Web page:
Turkish authorities have moved the Fourth World Nomad Games to 2021 due to the coronavirus pandemic.
The games, an international competition dedicated to ethnic sports, were scheduled to be held in the Turkish city of Bursa in autumn this year.
The President of the Turkey-based World Ethnosport Confederation, Bilal Erdogan, said on July 9 that the decision was made after consultations with Turkey's Foreign Ministry, Ministry of Youth and Sports, and Health Ministry to prevent a surge in coronavirus cases.

Kyrgyzstan’s Hills Come Alive With The Sound Of Nomads

RFE/RL’s photographer was on hand to capture the hoof-thumping action as the mountain venue of Kyrgyzstan’s Nomad Games opened on September 3.

The World Nomad Games were initiated by Kyrgyzstan and held for the first time in the Central Asian nation in 2014.

The second and third World Nomad Games were also held in Kyrgyzstan's picturesque northern region of Issyk-Kul in 2016 and 2018.

The nomad games include horse racing, archery, mounted archery, falconry, and different types of wrestling, including wrestling from horseback.
The games have gained in popularity, prompting teams representing Afghanistan, Azerbaijan, Kazakhstan, Kyrgyzstan, Mongolia, the Philippines, Tajikistan, Turkey, Turkmenistan, Russia, and even the United States to regularly attend the event.

The last World Nomad Games in 2018 hosted athletes from 66 countries, including several European nations, such as Austria, Belarus, Bulgaria, the Czech Republic, Estonia, Germany, France, Italy, Latvia, Lithuania, Hungary, the Netherlands, Poland, Romania, Serbia, Slovakia, Switzerland, and Ukraine.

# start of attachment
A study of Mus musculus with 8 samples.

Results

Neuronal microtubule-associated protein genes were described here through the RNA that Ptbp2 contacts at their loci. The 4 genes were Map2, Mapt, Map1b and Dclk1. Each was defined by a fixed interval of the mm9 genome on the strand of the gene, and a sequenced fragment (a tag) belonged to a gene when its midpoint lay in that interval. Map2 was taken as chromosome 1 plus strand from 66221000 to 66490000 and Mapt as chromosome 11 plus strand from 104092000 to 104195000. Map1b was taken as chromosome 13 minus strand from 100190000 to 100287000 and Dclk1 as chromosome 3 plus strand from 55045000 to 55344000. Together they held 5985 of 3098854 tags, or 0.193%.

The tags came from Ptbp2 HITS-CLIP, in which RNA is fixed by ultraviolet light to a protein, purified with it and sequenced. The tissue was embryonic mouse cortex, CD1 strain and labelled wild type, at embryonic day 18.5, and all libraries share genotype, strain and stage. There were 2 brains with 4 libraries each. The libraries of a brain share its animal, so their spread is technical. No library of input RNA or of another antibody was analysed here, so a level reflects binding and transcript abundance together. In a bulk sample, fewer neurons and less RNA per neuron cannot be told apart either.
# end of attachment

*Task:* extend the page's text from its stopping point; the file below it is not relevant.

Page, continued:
This year, for the first time, the games were scheduled to be held outside of Kyrgyzstan.

With reporting by Anadolu, TRT Haber, and Yeni Safak

Read Original Article here by RFERL




The quarantine measures were reintroduced on June 21, and will last at least until July 20 due to an increased number of infections in the country. On July 2, 572 new infections were reported in a single day.

The authorities say are trying to better enforce the quarantine regulations for the sake of the population, however many in the public are afraid that the bans in place will only become stricter.

Since the beginning of the pandemic, 18,684 people have been infected in Azerbaijan. Of these, 228 have died and 10,425 have recovered.

The new system is being introduced after police posts were removed from the streets to check whether people had SMS permission to have left the house – this system led to enormous traffic jams.

The SMS exit system was implemented in the beginning of the pandemic, and has been in and out of force in the past two months as Azerbaijan has grappled with a drastic rise in infections.

From now on, cars will be checked at random, and the traffic police intends to use the cameras to check whether drivers have permission to be outside.

It has not yet been specified how this system will work.

On social media, people express mainly a sense of bewilderment over the new measures, especially the role of surveillance cameras.

“If I go to the doctor’s appointment and the appointment is delayed for more than two hours – how will the camera check the doctor’s certificate?”

“They will install a chip in us and check whether we have permission for two hours or not?”

“And what if there are 5 people in the car, and only the driver has permission?”

Many residents of Baku are afraid that the authorities may again forbid them to leave their homes on weekends, as has already been done twice in June. Social media users have written much about this traumatic experience, including the inability to go out for two days even for medication or for urgent medical attention.

The post Surveillance cameras brought in to monitor quarantine regs in Baku appeared first on English Jamnews.